Vasileios-Arsenios Lioutas, MD
Thiel A, Hartmann A, Rubi-Fessen I, Anglade C, Kracht L,Weiduschat, N.Effects of non-invasive brainstimulation on language networks and recovery in earlypoststroke aphasia. Stroke. 2013
Interventions targeting recovery from poststroke aphasia are important for the affected patients. Several non-invasive methods have been tested, including transcranial magnetic stimulation (TMS) and transcranial direct current stimulation (tDCS). The underlying idea is that stimulation of specific cortical areas can modulate neurologic networks involved in human language. More specifically, there is a “shift” of function from the dominant to the non-dominant hemisphere following ischemic damage, a rearrangement that is thought to be detrimental to the language function. It follows that one of the main targets is limitation of this non-efficient shift, either by inhibiting the non-dominant hemisphere or by stimulating the dominant hemisphere.
In this interesting study, Drs. Tiel, Heiss et al, investigate the applicability of non-invasive brain stimulation in addition to standard speech and language therapy in the early phase of rehabilitation of patients with post-stroke aphasia. They applied inhibitory TMS in the right (non-dominant) posterior inferior frontal gyrus, using clinical as well as functional imaging (PET scan) markers before and after treatment. In addition to proving applicability of the method in a clinical setting the investigators found significant clinical improvement in the group that received TMS. More interestingly, the functional imaging correlate was found to be a “consolidation” of function in the dominant hemisphere; in other words the patients who received treatment, the shift of language function to the non-dominant side was significantly limited, lending support to the basic underlying principle.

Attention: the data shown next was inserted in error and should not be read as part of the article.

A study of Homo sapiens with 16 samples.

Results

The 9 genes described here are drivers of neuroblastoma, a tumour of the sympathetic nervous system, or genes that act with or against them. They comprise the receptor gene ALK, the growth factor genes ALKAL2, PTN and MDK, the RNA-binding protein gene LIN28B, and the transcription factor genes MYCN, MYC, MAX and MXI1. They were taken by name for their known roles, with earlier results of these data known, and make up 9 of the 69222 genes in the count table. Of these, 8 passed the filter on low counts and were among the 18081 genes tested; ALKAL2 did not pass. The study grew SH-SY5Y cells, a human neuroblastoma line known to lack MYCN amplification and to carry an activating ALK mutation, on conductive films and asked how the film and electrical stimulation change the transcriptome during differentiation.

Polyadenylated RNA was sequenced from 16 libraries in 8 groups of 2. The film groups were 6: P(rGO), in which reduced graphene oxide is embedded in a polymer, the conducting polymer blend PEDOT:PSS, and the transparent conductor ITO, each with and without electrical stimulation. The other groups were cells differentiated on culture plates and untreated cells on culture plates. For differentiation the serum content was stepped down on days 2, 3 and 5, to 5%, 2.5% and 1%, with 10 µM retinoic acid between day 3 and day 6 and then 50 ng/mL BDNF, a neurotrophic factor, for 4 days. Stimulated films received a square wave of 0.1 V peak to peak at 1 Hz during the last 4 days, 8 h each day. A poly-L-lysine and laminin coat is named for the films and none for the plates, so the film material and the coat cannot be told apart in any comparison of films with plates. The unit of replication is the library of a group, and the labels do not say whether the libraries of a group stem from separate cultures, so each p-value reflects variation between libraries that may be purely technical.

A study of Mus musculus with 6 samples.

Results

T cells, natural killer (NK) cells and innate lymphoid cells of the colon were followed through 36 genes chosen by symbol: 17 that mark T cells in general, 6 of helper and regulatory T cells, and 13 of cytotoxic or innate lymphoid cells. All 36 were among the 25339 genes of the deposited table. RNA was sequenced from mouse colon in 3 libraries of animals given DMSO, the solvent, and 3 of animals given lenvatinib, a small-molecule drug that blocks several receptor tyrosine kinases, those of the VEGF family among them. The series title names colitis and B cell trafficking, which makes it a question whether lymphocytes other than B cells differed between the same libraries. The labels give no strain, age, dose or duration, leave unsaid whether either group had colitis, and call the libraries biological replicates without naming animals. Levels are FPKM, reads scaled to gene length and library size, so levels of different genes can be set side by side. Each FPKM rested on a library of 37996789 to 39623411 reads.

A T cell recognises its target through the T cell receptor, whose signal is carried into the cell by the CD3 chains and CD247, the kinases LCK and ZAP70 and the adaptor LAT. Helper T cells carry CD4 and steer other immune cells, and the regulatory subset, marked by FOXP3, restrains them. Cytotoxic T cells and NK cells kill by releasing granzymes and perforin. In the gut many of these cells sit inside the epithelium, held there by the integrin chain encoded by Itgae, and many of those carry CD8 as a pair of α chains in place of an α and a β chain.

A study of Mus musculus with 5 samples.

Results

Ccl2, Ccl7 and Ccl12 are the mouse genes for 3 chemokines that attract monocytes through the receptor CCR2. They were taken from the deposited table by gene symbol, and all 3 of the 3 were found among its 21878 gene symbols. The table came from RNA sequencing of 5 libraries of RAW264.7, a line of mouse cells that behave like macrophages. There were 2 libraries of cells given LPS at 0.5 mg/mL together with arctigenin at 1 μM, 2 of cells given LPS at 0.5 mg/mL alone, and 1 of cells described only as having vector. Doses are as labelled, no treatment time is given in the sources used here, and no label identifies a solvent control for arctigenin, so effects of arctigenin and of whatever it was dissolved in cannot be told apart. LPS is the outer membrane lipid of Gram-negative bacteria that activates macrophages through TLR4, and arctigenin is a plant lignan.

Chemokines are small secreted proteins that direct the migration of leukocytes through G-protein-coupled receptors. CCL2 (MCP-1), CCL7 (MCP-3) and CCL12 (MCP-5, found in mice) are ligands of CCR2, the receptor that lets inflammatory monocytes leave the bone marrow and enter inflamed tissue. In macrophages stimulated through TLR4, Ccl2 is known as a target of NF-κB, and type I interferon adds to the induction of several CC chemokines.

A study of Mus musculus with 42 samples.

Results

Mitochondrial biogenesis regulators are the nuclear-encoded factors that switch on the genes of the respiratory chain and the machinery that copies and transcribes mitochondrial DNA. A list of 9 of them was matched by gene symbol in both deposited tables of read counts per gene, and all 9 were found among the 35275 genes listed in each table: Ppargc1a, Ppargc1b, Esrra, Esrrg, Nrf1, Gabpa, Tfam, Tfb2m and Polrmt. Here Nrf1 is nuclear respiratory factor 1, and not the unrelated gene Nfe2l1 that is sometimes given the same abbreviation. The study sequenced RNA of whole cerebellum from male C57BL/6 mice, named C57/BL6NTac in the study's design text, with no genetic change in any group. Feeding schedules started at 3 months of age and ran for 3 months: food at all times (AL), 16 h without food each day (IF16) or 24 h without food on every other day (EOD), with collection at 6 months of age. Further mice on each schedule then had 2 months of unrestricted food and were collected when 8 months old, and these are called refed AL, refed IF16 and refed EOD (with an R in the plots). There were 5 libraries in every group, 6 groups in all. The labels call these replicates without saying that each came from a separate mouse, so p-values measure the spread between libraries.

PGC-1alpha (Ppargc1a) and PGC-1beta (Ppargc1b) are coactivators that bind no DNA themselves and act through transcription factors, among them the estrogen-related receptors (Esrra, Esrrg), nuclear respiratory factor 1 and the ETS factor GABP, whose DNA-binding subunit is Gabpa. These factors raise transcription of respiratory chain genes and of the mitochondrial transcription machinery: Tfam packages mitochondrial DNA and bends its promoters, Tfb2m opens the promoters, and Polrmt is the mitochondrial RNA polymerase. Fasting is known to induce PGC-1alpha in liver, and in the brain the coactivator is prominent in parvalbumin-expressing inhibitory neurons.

The results are definitely very interesting and encouraging. But some points need to be taken into account: The patient sample was small (30 patients only), limiting the power of the study. For the same reason, subgroup analysis according to aphasia type was not possible; an issue that merits special attention. Additionally, questions regarding the most appropriate timing and duration of treatment are still under investigation. Although the concept of preventing rearrangement of language networks towards the non-dominant hemisphere seems to provide clinically meaningful results, it should be kept in mind that there is evidence for alternative methods, namely Melodic Intonation Therapy, whose success is based in the exact opposite principle: The right hemisphere is recruited, assuming language processing responsibilities that are normally left hemisphere function.
In summary, the current study is intriguing as a concept and yielded interesting results. However, the neuroplasticity of language neural networks is a very intricate process and further studies are necessary.